Professionalize Your Passion: Build a Budget

Syndicated

Last year I "Retired Before I Retired. Much has changed in a year. When I first wrote about my husband and I envisioning retirement it was I who had made the big career change.  I quit my job, started a consulting business, finished working on a book, and went through a training program to become a certified vegan lifestyle coach.  I spent the summer providing pro-bono coaching and doing free cooking demos because I needed to get out there to hone my skills and to determine if working my passion was something I would enjoy doing.

I loved it.

It was time for the next step: incorporating those “loves” – writing, coaching, and teaching – into my business plan.

Something was stopping my husband from doing the same with his passion for triathlon coaching. It was New York. Okay, not exactly. It was his feeling of obligation to continue his “day job” working for a large corporation because we had great health insurance and a 401k. And New York isn’t cheap; it didn’t feel like the best place to toy with our income.

So we moved.

Tip 1:  Build a budget

The reason we moved is because we started to think about what we could realistically earn in each of our new businesses. The projected income was not nearly enough to maintain our current lifestyle in Westchester County, NY.  One option was to skip the dream and just keep doing what we were doing. He would keep working in an uninspiring IT environment and I would have to take on more consulting clients. We would not retire before we retired.

The other option was to dramatically alter our living expenses. We researched communities all over the country – with an eye to where he could build a triathlon coaching practice because my work was more virtual – and ultimately decided on Colorado Springs.

Recareering - Budget for the Change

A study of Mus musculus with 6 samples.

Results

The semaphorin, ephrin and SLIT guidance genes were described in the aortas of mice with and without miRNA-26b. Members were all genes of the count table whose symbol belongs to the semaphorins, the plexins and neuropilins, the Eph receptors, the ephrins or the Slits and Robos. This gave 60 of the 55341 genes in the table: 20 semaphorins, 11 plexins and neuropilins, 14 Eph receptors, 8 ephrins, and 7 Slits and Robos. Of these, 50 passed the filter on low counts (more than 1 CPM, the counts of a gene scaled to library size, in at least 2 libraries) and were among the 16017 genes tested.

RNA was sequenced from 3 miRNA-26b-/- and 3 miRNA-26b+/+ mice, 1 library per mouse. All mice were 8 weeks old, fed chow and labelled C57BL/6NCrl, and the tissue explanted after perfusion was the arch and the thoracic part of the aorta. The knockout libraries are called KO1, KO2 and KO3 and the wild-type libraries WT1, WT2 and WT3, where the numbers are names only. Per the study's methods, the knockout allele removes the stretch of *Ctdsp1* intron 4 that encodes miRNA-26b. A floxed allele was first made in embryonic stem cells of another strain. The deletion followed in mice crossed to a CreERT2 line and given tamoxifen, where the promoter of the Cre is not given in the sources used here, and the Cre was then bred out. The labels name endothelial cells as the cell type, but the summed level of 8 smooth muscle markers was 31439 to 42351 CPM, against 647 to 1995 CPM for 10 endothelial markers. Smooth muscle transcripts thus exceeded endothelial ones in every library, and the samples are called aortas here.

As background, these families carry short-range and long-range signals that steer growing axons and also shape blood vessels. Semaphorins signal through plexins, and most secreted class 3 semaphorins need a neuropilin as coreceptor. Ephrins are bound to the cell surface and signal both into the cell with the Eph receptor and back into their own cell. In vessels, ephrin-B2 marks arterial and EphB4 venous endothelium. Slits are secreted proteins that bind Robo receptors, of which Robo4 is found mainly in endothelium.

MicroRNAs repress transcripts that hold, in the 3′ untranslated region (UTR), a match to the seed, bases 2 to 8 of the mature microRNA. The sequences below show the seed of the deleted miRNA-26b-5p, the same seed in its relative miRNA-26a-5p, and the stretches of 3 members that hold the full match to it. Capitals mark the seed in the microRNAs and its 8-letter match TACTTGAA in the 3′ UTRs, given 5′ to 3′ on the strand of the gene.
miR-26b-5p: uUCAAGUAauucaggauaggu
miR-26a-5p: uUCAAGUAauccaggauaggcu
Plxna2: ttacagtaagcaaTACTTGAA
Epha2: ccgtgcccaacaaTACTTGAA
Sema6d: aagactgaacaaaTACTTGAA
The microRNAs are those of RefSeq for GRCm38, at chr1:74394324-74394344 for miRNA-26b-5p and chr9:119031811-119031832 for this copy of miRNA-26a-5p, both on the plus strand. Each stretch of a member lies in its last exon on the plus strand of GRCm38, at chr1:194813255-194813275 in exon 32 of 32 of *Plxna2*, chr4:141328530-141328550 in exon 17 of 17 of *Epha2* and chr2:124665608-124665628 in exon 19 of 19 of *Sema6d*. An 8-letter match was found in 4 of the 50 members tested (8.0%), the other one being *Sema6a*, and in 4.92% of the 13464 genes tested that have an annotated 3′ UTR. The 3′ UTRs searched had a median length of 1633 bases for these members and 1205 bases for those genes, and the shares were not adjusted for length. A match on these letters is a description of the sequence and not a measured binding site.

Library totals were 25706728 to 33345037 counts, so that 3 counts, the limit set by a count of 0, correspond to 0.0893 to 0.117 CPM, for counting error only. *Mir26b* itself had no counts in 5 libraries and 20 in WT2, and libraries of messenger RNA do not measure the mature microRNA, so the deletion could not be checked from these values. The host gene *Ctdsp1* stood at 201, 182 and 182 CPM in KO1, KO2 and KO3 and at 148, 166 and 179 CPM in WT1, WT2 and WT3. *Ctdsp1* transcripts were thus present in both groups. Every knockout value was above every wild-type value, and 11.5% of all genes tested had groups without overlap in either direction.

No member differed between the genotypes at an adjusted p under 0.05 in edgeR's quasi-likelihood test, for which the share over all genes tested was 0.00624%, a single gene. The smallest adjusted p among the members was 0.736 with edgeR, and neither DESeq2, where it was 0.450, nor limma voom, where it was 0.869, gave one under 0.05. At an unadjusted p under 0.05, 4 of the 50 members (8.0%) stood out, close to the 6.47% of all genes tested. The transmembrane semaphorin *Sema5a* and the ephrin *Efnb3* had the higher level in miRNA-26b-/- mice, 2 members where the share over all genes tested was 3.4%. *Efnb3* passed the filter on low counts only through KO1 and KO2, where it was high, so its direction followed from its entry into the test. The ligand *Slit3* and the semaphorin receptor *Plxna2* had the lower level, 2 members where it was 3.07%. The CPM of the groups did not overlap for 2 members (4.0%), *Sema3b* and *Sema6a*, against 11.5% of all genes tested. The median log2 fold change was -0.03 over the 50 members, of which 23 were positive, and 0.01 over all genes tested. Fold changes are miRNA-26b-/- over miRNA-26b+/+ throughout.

Image: Beverly & Pack via Flickr

We developed a spreadsheet that would include all of our living expenses (housing, utilities, car payment, groceries, etc.), plus the cost of medical and life insurance and an investment and savings plan. Once we were aware of the financial requirements to make a comfortable career move that was financially smart, we looked at our respective business plans to see what income would be required to meet our expenses. 

We started with our passions. How much did we really think we could earn?  Our “passion” revenue streams included writing, coaching, classes, and speaking engagements. We were extremely realistic about what we could earn in the first year of business. As a result we developed our overall income plan: 

  • 50% consulting in our prior fields. We each continue to work in the field that we excelled and earned income for over 20 years but now we are independent contractors and we pick and choose our clients.  We both love our respective consulting projects because we are working with clients we enjoy and we are not doing it full time.
  • 50% working our passion.  He is working with individual athletes, writing articles on sports sites and for professional associations, and organizing training clinics. I am freelance writing, offering vegan lifestyle coaching and classes, and launched in-home cooking services. The income on this side of things is considerably less than on the consulting side but we are building our practices and are no longer providing free services.

Why is building a budget important?

  1. By moving, our living expenses are 55% less than in New York. So is our income.  We maintained our lifestyle by adjusting income and expense expectations. Do you have to move to professionalize your passion? Of course not! But you may need to really examine how and why you spend and make realistic adjustments to support your career shift.
  2. Goals. It is easy to think that you’re going to make money writing, for example, but it is much harder to actually get paid to write. By setting a monetary goal for my writing, coaching, and teaching the logical next step was to develop a plan to make it happen.

Ah yes, the plan. The budget is simply the jumping off point. It outlines what you need. The plan is how you’re going to get there – it’s how you will turn your goals into outcomes.